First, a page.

Winter storm paralyzes US South

By Nick Barrickman
13 February 2014

A massive winter storm moving through the Southern and Mid-Atlantic United States on Tuesday and Wednesday has resulted in hundreds of thousands of power outages and dangerous road conditions. Emergency shelters are filled to capacity.

As of Wednesday, 300,000 individual properties throughout the South were without power, as sleet and freezing rain mixed with snow caused tree limbs to fall on power lines.

The storm has resulted in the deaths of at least 6 people, including an ambulance driver and two passengers who skidded off the road under hazardous driving conditions in Carlsbad, Texas. In Dallas, William Tanksley, a fireman, fell to his death from an overpass after an out-of-control vehicle careened into him while at the scene of an accident. Two others were reported dead in Mississippi due to conditions created by the storm.

According to National Weather Service meteorologist Michael Musher, the dimensions of the storm would be “mind-boggling if not historical. A memo released by the agency on Wednesday declared the winter event to be “catastrophic … crippling … paralyzing … choose your adjective.”

As of Wednesday, over 3,300 flights had been canceled around the region, including over 1,000 from Hartsfield-Jackson Airport in Atlanta, Georgia, the nations’ busiest. Amtrak has suspended trains going from New York to the Washington, DC area. Trains traveling from the Northern Virginia DC suburbs to Orlando, Florida were similarly halted.

In all, 22 states from Texas to Maine will be affected by the storm. Mississippi expects to see a total snowfall of 3 inches, while Georgia was expecting 3-5 inches. Regions west and north of these areas, including Appalachia, can expect to see as much as a foot of snow, according to news outlets.

South Carolina is expected to see nearly three-quarters of an inch of ice alone, creating potentially deadly driving conditions in the state. Commenting on the conditions created by the storm, Kurt Van Speybroeck of the National Weather Service told Fox News, “If you get even a tenth of inch of ice on a road, it’s like a skating rink.”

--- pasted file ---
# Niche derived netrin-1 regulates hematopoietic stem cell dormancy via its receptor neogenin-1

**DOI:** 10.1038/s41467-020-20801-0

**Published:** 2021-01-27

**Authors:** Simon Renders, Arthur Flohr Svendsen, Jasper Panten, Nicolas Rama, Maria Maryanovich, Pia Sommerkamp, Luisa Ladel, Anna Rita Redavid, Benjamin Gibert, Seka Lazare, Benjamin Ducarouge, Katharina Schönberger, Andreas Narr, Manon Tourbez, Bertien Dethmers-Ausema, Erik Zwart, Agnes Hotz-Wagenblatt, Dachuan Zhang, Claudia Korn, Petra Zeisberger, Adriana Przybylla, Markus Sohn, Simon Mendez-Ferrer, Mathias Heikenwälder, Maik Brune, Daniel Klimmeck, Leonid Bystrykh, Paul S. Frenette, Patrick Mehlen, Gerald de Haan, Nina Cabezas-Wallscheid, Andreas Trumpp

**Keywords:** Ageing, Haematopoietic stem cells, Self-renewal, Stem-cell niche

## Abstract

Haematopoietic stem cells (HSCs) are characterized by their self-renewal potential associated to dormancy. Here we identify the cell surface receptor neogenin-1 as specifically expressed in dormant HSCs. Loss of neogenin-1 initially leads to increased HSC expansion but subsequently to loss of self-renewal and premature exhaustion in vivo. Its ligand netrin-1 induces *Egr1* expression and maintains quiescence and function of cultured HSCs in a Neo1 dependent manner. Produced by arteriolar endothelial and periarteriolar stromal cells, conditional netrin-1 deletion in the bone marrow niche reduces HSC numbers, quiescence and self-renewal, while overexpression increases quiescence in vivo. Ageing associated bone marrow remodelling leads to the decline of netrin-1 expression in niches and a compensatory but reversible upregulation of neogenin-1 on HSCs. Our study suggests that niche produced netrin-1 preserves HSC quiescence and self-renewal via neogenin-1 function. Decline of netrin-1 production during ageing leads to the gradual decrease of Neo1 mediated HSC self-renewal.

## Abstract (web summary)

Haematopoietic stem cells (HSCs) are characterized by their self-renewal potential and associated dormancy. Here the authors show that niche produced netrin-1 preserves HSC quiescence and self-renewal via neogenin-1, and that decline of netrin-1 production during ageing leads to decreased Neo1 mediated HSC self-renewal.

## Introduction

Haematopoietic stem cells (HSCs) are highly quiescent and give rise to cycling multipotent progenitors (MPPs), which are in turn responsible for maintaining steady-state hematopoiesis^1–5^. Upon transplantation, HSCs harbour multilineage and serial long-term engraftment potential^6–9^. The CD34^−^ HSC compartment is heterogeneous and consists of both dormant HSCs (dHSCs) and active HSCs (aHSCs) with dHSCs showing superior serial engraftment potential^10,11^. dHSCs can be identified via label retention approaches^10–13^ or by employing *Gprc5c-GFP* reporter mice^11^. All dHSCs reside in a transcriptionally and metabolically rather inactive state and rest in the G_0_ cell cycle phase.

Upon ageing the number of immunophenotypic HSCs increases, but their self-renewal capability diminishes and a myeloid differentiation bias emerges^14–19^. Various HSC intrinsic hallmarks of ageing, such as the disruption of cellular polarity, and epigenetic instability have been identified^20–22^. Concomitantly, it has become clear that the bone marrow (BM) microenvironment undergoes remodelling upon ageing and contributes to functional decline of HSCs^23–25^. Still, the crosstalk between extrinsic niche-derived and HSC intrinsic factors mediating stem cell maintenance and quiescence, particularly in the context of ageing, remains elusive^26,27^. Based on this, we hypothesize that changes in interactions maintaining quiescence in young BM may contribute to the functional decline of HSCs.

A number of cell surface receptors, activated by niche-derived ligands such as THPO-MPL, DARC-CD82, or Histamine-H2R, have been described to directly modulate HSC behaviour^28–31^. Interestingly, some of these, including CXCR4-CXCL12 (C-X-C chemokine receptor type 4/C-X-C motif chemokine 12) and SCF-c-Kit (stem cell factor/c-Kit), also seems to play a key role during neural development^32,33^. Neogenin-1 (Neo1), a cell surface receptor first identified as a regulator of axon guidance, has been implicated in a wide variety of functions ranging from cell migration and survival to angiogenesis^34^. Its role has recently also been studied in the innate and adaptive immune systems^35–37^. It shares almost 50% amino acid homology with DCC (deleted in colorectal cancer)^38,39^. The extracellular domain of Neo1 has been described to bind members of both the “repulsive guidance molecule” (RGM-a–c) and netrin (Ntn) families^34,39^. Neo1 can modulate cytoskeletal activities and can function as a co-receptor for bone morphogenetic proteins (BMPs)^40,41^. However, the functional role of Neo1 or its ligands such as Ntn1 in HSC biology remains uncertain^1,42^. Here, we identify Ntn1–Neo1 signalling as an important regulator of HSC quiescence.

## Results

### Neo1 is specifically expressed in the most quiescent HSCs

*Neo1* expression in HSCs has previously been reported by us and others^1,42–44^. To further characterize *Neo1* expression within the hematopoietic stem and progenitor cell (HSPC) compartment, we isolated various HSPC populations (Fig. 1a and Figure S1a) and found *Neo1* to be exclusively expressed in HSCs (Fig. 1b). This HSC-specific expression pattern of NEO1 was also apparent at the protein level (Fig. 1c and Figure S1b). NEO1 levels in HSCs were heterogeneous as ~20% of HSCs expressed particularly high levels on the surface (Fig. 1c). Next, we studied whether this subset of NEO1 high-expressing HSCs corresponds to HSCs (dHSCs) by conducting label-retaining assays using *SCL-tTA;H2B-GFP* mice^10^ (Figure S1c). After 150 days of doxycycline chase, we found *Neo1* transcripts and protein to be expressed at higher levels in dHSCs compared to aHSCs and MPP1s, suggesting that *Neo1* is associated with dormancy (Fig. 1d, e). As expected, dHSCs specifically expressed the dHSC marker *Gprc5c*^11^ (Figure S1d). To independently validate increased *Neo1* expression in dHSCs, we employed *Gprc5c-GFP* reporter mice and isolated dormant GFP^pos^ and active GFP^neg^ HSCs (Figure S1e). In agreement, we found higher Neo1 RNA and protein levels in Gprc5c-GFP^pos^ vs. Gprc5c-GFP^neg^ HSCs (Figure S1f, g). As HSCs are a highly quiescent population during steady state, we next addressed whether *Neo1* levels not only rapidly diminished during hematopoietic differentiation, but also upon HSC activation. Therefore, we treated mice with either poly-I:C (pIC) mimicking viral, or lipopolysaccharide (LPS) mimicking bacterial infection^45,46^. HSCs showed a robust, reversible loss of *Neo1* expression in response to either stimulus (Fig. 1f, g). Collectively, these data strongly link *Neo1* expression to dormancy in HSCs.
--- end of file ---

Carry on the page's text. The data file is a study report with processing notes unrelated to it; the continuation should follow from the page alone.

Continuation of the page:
The Red Cross, which organizes emergency responses to such incidents, has been forced to suspend over 1,000 blood drives across the Southern US due to the storm.

Hardest hit has been the state of Georgia, hit two weeks ago by a massive storm system that paralyzed the city of Atlanta and its suburbs, leaving commuters stranded for days on icy roads. (See, “Winter storm paralyzes Atlanta, Georgia, stranding thousands”)

As a result of this storm, more than 100,000 homes and businesses in Georgia have been left without power. Partially as a response to the public backlash garnered by authorities’ subdued response to the previous storm, President Barack Obama has declared a state of emergency in the state. Governor Nathan Deal has declared a state of emergency in 91 of the state’s 159 counties.

As weather patterns increasingly reflect the harsh realities of climate change, the ability of emergency services to deal with catastrophes has been limited by the capitalist profit system and claims that there is “no money” for essential infrastructure.

A study conducted in North Carolina by state utility regulators in 2002, after a storm knocked out the power for over 2 million residents, declared that the costs of burying the three largest power companies’ electrical wires was “prohibitively expensive.”

The report stated that such actions “would cost approximately $41 billion, nearly six times the net book value of the utilities’ current distribution assets, and would require approximately 25 years to complete.”